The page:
FXstreet.com (Barcelona) - Marc Chandler, Global Head of Currency Strategy at Brown Brothers Harriman notes that at the end of last week, the IMF reported the latest reserve figures for Q4 2012.

He notes that overall currency reserves stood at $10.9 trillion at the end of last year, up $734.5 bln over the course of the year. Most central banks provide the currency allocation of their reserves. However, there were two notable exceptions: China, which regards the information as a state secret and Taiwan, which is not a member of the IMF. He adds that unallocated reserves total $4.85 trillion with the lion's share accounted for by these two nations. In percentage terms of allocated reserves, the dollars share slipped to 61.9% from 62.1% and the euro´s share was unchanged at 23.9% with yen easing to 3.9% from 4.1%.

However, he feels that a more nuanced look at what took place is possible by looking at the change in amounts rather than percentages. For example, he writes, “The decline in the share of allocated reserves account for by the dollar does not mean that a single dollar was sold. To the contrary, central banks added $31.4 bln to their reserves in Q4 and $247 bln all of last year. Of the 2012 increase, $78.5 bln was accounted for by the high income countries (what the IMF calls "advanced"). The means that developing countries were net buyers of dollars and hardly diversifying away from the greenback.”

Further, he adds that allocated reserves held in euros rose $20.6 bln in Q4. This is after pullback a $11.5 bln decline in Q3 and are now the highest since Q2 2011. Last year, he notes that the high income countries bought $106 bln worth of euros for reserves. However, he sees that developing countries sold almost $45 bln of euros over the course of 2012; reducing euro holdings in each quarter, except for the Q1 12. In Q4 2012, sterling and yen holdings were pared by $2.7 bln and $8.5 bln respectively. Nearly the entire $26.7 bln that sterling reserves rose in 2012 could be accounted for by the high income countries ($21.2 bln). He writes, “Of the $33 bln increase in yen holdings, the high income countries accounted for a little more than 2/3.”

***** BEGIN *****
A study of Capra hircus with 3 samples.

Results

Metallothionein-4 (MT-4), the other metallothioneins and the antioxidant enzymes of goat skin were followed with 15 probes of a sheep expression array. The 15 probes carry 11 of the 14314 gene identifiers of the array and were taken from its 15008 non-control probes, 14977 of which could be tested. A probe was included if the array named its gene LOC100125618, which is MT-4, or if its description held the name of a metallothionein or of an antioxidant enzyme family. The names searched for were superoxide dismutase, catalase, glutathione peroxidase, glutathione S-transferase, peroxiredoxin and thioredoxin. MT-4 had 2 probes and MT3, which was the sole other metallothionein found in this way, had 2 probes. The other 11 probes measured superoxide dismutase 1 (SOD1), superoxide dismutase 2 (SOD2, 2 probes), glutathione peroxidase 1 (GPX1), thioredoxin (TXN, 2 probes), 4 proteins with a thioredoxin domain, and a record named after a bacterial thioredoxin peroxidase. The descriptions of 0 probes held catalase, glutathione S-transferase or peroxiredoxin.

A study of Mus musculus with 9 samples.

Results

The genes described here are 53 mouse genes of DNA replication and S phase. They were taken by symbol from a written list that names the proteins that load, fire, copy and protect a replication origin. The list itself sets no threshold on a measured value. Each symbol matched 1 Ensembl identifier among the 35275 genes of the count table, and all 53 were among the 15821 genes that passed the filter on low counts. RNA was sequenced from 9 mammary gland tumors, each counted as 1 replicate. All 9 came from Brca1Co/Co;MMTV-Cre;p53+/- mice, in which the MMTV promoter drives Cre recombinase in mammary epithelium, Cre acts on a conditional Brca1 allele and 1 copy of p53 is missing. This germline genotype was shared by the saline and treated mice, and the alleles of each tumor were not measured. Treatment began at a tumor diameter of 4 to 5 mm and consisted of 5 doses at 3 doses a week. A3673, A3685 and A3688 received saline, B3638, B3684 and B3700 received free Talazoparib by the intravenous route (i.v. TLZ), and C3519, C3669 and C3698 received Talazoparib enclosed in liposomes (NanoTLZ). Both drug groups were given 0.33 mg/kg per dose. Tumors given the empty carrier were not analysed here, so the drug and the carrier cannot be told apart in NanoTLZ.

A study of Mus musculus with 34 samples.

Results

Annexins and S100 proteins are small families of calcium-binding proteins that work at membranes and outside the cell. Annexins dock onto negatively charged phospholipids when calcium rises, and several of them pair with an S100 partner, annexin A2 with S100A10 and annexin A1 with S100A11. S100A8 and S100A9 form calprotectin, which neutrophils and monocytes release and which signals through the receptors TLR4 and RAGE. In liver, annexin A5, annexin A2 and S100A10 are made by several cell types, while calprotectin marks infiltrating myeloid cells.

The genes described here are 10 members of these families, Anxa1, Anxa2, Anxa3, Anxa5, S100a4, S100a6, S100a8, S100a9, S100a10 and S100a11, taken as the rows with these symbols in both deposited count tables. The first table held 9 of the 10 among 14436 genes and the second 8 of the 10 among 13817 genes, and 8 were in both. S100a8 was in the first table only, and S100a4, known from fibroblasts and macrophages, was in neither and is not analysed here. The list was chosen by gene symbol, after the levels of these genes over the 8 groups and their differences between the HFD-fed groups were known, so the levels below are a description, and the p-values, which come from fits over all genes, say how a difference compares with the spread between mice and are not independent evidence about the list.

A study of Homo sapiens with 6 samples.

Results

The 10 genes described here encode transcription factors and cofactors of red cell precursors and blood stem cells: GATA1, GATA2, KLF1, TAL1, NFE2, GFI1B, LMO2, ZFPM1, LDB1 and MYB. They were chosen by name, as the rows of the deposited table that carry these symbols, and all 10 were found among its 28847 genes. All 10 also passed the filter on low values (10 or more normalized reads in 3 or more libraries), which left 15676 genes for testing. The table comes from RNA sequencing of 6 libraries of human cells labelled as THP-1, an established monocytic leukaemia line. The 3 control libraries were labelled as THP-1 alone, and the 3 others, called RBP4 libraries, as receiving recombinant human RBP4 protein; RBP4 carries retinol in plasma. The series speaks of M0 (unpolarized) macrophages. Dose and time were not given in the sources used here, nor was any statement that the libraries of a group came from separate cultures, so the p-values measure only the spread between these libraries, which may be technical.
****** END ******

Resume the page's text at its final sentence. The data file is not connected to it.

High income countries are also account for the lion's share of the diversification into the "other" category, which is dominated by the Australian and Canadian dollars. He notes that the share of allocated reserves accounted for by this category stands at a record 6.1% at the end of last year. Roughly $54.8 bln was added to this category last year, of which $40.5 bln was purchased by the high income countries. He feels that in either Q1 or Q2 this year, the IMF will break out the Australian and Canadian dollars from the "other category", to better reflect what is actually taking place. He adds that it is an accounting function, not normative in the sense for prescribing what countries ought to do.

Chandler finishes by writing, “Lastly, despite the relatively low volatility in the foreign exchange market, the IMF's data needs to be adjusted for valuation swings. The figures used for the IMF's calculations show that the dollar rose 2.5% against sterling and the yen by 11.5% in Q4 12, while it appreciated by 2.1% against the euro. Over the course of 2012, the dollar slipped 2% against sterling and euro, while appreciated about 11.4% against the yen.”